Friday, November 20, 2009

I've been thinking about this for hours

I watched Crispin Glover's It's Fine, Everything is Fine.

Before the film, he performed eight books. This was brilliant. He took old books and cut them up and created new stories from the bones of the old story. He drew India ink pictures and added his own words. His timing was so on the mark and his intentionally awkward gestures were hilarious.

The film, however, was...

I can't figure it out. I'm close to coming down on the side of absolutely irredeemable.

It is a film about sex. It's about power. I guess it's not a film about sex. It's a film about power. Perhaps it is impossible to separate the two.

At first I was okay with the love interest's daughter pursuing the handicapped man as a sexual conquest. This relationship spoke to me about how teenage girls look for ways to express their sexuality without being hurt. That is-- they sometimes look for people to use, to gain the upper hand in sex because they are aware of their status as a commodity and they want to subvert it. It's complicated, but the man is not a victim here.

He kills her.

He kills about 6 women in the course of the film. The only woman that he doesn't kill is another "cripple," because she doesn't want to have to feed him and breaks their date.

The others pity him and sleep with him because they don't believe that he has ever been with a woman. This also spoke about power and subversion. I believe that these women-- with breast implants, etc-- felt that they were giving themselves to him out of compassion. He was aware of this and hated them for their kindness/condescension and their grab at power. He had to demonstrate his power as a male.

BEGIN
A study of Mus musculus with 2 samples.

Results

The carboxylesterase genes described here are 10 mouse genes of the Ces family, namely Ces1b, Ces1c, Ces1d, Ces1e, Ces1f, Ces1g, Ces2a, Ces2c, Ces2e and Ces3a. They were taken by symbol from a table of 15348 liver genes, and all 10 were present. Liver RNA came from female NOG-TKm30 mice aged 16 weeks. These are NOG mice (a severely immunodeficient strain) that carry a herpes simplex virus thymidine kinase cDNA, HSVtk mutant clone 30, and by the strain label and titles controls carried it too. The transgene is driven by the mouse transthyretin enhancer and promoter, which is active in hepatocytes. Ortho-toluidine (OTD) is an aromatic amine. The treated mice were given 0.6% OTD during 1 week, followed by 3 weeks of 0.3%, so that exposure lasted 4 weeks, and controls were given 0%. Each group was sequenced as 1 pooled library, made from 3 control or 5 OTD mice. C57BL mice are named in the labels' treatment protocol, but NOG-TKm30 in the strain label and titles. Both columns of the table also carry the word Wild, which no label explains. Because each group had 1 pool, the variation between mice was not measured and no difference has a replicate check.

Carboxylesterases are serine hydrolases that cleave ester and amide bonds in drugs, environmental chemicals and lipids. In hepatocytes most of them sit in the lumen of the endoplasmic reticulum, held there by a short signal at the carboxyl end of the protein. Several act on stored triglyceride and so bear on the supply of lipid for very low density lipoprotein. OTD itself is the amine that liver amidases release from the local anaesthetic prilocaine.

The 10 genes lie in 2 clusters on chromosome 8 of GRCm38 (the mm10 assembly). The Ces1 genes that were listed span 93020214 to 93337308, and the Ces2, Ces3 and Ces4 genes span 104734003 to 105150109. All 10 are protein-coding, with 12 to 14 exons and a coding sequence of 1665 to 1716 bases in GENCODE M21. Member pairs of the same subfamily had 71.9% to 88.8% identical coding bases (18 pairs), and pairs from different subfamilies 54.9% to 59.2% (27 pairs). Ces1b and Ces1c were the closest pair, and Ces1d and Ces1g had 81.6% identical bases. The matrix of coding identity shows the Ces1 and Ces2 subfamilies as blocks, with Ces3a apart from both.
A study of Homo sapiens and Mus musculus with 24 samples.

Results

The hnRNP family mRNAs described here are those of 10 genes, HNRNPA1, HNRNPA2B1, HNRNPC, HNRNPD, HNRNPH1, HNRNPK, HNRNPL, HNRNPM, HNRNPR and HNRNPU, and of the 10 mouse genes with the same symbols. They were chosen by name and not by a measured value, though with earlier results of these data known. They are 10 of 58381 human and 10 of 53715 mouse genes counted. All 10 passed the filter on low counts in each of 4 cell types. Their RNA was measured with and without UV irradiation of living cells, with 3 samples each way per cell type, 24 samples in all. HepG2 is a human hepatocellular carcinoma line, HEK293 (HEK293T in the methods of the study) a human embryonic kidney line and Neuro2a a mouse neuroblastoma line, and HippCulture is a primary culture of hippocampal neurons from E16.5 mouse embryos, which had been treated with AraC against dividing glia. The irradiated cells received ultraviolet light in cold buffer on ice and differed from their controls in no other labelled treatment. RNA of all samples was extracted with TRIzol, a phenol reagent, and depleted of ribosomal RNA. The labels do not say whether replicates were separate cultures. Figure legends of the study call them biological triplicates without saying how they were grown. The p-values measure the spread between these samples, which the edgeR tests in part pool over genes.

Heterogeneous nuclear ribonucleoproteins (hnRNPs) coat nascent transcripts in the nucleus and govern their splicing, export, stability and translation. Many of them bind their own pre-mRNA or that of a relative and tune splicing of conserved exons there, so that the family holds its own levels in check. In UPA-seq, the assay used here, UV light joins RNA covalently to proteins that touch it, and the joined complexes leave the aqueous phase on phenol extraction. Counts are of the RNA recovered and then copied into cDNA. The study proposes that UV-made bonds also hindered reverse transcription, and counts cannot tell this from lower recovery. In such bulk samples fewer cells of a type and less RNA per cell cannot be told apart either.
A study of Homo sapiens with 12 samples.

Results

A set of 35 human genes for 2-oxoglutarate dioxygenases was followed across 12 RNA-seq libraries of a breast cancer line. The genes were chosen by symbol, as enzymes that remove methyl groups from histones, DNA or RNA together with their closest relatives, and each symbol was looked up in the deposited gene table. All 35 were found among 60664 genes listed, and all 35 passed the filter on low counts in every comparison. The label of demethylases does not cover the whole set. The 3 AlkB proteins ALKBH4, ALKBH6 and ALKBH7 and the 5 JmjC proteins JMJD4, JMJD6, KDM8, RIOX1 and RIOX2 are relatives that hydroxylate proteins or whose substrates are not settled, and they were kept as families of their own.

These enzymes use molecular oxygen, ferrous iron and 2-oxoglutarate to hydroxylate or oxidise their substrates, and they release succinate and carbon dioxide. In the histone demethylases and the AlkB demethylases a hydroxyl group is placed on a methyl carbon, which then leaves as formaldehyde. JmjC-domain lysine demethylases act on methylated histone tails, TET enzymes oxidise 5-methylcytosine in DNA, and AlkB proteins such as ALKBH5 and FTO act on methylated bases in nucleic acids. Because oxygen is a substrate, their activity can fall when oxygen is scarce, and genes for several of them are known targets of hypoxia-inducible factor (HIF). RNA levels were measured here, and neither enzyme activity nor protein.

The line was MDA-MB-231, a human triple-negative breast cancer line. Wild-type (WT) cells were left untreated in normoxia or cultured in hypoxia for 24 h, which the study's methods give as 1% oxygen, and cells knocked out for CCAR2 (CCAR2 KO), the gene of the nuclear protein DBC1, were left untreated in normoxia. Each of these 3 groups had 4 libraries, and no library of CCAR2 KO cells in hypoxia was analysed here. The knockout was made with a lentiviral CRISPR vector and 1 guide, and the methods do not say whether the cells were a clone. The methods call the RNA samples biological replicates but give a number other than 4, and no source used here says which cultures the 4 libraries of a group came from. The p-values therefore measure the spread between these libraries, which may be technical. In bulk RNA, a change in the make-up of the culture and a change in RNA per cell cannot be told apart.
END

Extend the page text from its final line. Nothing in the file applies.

This was an exploitation film. The lead actor was the man that wrote the screen play. He was born with severe cerebral palsy. He can barely speak and cannot walk. He is not the only one that was exploited, however. He was allowed to bring his own fantasy life to the screen because he was handicapped. He could sleep (and yes, actually have sex with one of them on film-- not acting)with beautiful women and pretend to kill them.

What bothers me the most, however, is that I think people will only be talking about the actual sex on screen and not the larger themes. There was a gasp as one woman performed fellatio on the man. I had to ask if we were gasping because of the sex act or because it was a sex act with a handicapped man. It was the sex, I believe. And it was what made the biggest conversation point. Every single person in the theatre has seen porn, I'm sure, but it was shocking to see the act in an art film. I know Glover was trying to show that these lines are more fluid than we draw them.

I don't know. I'm not sure that I've expressed myself. I might need even more time to think about and add to this post.

I can say that I am enjoying trying to digest it.

I enjoyed the question and answer part of the evening, too. He is a fascinating man. He took the part in Charlie's Angels in order to use his salary to make this film. Charlie's Angels made this film possible. That's incredible.